A keylogger, sometimes called a keystroke logger or system monitor, is a type of surveillance technology used to monitor and record each keystroke typed on a specific computer's keyboard. Keylogger software is also available for use on smartphones, such as Apple's iPhone and Android devices.
Types of keyloggers
A hardware-based keylogger is a small device that serves as a connector between the computer keyboard and the computer. The device is designed to resemble an ordinary keyboard PS/2 connector, part of the computer cabling or a USB adaptor, making it relatively easy for someone who wants to monitor a user's behavior to hide such a device.
Most workstation keyboards also plug into the back of the computer, keeping the connections out of the user's line of sight. A hardware keylogger may also come in the form of a module that is installed inside the keyboard itself. When the user types on the keyboard, the keylogger collects each keystroke and saves it as text in its own miniature hard drive, which may have a memory capacity of up to several gigabytes. The person who installed the keylogger must later return and physically remove the device in order to access the information that has been gathered. There are also wireless keylogger sniffers that can intercept and decrypt data packets being transferred between a wireless keyboard and its receiver.
A keylogging software program Bottom of Form does not require physical access to the user's computer for installation. It can be downloaded on purpose by someone who wants to monitor activity on a particular computer, or it can be malware downloaded unwittingly and executed as part of a rootkit or remote administration Trojan (RAT). The rootkit can launch and operate stealthily in order to evade manual detection or antivirus scans.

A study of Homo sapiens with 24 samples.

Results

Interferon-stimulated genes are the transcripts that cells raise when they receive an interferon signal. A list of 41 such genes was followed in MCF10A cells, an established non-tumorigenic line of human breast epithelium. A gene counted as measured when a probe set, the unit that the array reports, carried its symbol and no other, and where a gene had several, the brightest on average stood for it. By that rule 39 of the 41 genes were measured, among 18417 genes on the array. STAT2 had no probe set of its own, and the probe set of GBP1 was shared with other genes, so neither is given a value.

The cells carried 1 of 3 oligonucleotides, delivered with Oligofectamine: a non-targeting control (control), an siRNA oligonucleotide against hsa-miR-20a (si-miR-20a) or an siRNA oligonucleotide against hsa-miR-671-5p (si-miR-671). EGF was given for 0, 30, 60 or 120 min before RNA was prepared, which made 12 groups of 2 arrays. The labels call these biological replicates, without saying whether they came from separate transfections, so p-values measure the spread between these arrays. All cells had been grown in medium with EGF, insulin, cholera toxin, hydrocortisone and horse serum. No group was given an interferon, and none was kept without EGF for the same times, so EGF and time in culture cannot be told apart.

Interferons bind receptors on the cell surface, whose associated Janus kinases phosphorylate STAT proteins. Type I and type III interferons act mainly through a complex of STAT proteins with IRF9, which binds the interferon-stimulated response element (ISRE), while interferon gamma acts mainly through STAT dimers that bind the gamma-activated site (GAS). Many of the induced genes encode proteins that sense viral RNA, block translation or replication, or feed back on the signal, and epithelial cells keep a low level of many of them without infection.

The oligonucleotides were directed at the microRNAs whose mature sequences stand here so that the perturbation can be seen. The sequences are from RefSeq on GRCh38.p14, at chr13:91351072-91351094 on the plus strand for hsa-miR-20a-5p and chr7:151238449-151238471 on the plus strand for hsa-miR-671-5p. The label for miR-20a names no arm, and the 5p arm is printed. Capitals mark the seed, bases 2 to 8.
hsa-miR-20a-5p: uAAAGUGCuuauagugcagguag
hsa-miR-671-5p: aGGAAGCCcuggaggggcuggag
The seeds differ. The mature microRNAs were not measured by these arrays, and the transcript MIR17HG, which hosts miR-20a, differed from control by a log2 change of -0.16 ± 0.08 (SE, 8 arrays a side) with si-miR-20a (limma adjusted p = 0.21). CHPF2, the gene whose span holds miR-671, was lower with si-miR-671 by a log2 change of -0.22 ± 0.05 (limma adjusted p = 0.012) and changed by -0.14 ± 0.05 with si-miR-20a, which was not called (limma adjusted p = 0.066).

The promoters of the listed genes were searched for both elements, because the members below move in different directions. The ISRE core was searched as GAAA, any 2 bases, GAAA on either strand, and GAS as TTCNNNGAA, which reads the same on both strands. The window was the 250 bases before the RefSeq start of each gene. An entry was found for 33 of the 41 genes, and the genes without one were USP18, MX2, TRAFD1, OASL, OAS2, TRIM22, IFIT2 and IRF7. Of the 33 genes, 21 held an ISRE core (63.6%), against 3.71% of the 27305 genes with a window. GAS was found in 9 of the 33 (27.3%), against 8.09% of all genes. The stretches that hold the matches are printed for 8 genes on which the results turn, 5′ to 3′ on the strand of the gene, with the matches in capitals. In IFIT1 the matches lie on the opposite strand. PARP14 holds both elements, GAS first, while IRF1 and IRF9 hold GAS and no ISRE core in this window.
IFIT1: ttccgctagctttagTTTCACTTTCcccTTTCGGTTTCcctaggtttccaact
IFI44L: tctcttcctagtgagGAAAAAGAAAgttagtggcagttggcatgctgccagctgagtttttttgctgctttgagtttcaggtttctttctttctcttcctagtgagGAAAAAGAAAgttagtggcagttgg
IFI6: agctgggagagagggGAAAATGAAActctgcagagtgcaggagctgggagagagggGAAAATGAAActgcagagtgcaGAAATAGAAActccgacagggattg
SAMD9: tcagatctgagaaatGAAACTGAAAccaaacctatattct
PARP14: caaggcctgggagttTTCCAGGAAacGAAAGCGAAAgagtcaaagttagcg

A common keylogger program typically consists of two files that get installed in the same directory: a dynamic link library (DLL) file that does all the recording and an executable file that installs the DLL file and triggers it to work. The keylogger program records each keystroke the user types and uploads the information over the internet periodically to whoever installed the program. There are many other ways that keylogging software can be designed to monitor keystrokes, including hooking keyboard APIs to another application, malicious script injection or memory injection.
Some keylogging programs may include functionality for recording user data besides keystrokes, such as capturing anything that has been copied to the clipboard and taking screenshots of the user's screen or a single application.
Detection, prevention and removal
As there are various types of keyloggers that use different techniques, no single detection or removal method is considered the most effective.
Antikeylogger software is designed specifically to scan for software-based keyloggers, by comparing the files on a computer against a keylogger signature base or a checklist of common keylogger attributes. Using an antikeylogger can be more effective than using an antivirus or antispyware program, as the latter may identify a keylogger as a legitimate program instead of spyware.
Depending on the technique the antispyware application uses, it can possibly locate and disable keylogger software with lower privileges than it has. Use of a network monitor will ensure the user is notified each time an application tries to make a network connection, giving a security team the opportunity to stop any possible keylogger activity. Application whitelisting can also be used to allow only documented, authorized programs to run on a system.
While visual inspection can be used to identify hardware keyloggers, it is impractical and time-consuming to implement on a large scale. System cages that prevent access to or tampering with USB and PS/2 ports can be added to the user's desktop setup. Extra precautions include using a security token as part of two-factor authentication (2FA) to ensure an attacker cannot use a stolen password alone to log in to a user's account, or using an onscreen keyboard and voice-to-text software to circumvent using a physical keyboard.